Last Reviewed on June 19, 2019, by eNotes Editorial. Word Count: 349
From Bauhaus to Our House is a nonfiction book by American journalist and essayist Tom Wolfe. The book is an example of Wolfe's attempt at art criticism, particularly discourses on modern architecture. Tom Wolfe gained prominence as one of the pioneers of New Journalism, a sub-genre of journalism and nonfiction that combines factual reportage with the narrative style of fiction.
The book was initially written as a response to the art world—i.e. art critics, collectors, artists, curators, et al.—after it derided Wolfe's first attempt at art criticism with the book The Painted World. Motivated by the hostile reaction he received, Wolfe decided to focus on architecture, which was becoming a serious art genre during the 20th century. Before, architecture was perceived as its own field that combined engineering with design, but was not studied as a pure art form like painting or sculpture. When architecture finally became a booming field in the art circle, two styles became dominant: International Style and Modern Architecture.
Wolfe criticized these two styles that became the mainstream. He opined that the buildings lacked ornate designs on their exteriors and was not appreciated by the masses who had to view such large skyscrapers everyday as part of the cityscape. He praised architects such as Louis Sullivan, who designed buildings that were outside of the International Style and Modern aesthetics. Wolfe also implied that the new architectural forms were simply gigantic trophies of the wealthy elite; a permanent monument to self-glorification polluting the American landscape.
Another criticism Wolfe articulated in the book was the architecture mainstreams obsessive adherence to various theories, such as political philosophies of Marx, that were out of place in America. For instance, Wolfe uses the example of a school building modeled after the housing arrangement of proletariat workers in Eastern Europe. Wolfe criticized the elitist institutions that dictated the aesthetics and practice of modern architecture. He opined that the general public did not like the style of the modern buildings because the elite architects who control the direction of the field are busy competing to be the most avant-garde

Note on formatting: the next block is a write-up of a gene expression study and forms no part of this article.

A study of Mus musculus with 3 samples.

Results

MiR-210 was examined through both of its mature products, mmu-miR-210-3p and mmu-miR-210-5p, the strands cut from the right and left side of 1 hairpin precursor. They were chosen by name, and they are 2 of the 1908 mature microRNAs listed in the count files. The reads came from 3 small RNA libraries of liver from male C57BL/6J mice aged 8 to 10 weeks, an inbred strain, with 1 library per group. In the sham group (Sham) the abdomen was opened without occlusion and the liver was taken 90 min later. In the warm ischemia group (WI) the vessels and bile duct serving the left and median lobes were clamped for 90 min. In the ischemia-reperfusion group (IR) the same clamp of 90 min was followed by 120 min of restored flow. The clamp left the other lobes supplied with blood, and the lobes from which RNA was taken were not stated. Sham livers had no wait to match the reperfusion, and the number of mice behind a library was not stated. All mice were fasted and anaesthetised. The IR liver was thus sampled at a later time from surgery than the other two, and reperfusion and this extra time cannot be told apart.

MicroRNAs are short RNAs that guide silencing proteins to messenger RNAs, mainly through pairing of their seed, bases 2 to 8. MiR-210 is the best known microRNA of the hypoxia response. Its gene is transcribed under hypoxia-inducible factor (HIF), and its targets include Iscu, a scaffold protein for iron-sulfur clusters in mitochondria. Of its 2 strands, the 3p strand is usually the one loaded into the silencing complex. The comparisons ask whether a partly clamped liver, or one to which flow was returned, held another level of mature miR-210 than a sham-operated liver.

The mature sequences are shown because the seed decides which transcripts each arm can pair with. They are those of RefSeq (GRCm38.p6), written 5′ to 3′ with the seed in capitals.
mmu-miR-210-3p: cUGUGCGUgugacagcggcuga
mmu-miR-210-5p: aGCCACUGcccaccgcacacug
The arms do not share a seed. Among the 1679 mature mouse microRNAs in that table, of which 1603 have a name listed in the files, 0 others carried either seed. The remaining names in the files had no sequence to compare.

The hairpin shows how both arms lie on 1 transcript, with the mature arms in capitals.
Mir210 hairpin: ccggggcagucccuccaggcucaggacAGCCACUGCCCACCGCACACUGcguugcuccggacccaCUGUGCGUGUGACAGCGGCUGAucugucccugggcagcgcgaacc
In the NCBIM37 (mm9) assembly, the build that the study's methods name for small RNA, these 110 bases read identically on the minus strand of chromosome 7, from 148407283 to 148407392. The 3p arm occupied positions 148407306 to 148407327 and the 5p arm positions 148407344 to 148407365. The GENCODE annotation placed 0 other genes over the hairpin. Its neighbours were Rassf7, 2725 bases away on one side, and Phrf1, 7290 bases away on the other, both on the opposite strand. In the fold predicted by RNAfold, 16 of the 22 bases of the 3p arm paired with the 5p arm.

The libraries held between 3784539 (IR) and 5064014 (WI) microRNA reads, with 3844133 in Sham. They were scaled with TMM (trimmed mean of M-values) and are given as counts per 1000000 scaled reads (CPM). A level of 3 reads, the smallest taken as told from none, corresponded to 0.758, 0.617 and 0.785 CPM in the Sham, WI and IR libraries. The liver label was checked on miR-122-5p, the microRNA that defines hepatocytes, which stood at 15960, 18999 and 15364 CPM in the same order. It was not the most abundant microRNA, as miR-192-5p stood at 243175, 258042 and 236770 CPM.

Last Updated on May 13, 2015, by eNotes Editorial. Word Count: 675
On Sunday, April 28, 1974, as the result of an article in The New York Times about a Yale University art exhibition, Tom Wolfe came to an interpretation of the nature of twentieth century art and architecture that would eventually characterize two of his books, The Painted Word (1975) and From Bauhaus to Our House. “Then and there,” Wolfe wrote in The Painted Word, “I experienced a flash known as the AHA! phenomenon, and the buried life of contemporary art was revealed to me for the first time. The fogs lifted! The clouds passed!” The thesis that Wolfe adapted in The Painted Word is that twentieth century art “has become completely literary.” Artists have conformed to the theories of art critics. Thus, painting is a reflection of the current artistic theory or philosophy, instead of philosophy or theory arising from and explaining the nature of art. In the world of art, essence precedes and determines existence and not the reverse. In From Bauhaus to Our House, Wolfe extended this view of art to the world of architecture. Thus, twentieth century architecture is a reflection of a philosophy or theory: The philosophy that explains architecture, according to Wolfe, is Marxism, and that central vision was translated into the major architectural forms of the century.
The format or structure, content, and language of Wolfe’s books are designed to support his thesis. Without pedantry, Wolfe takes his readers on a lighthearted, charming romp...
(The entire section contains 1086 words.)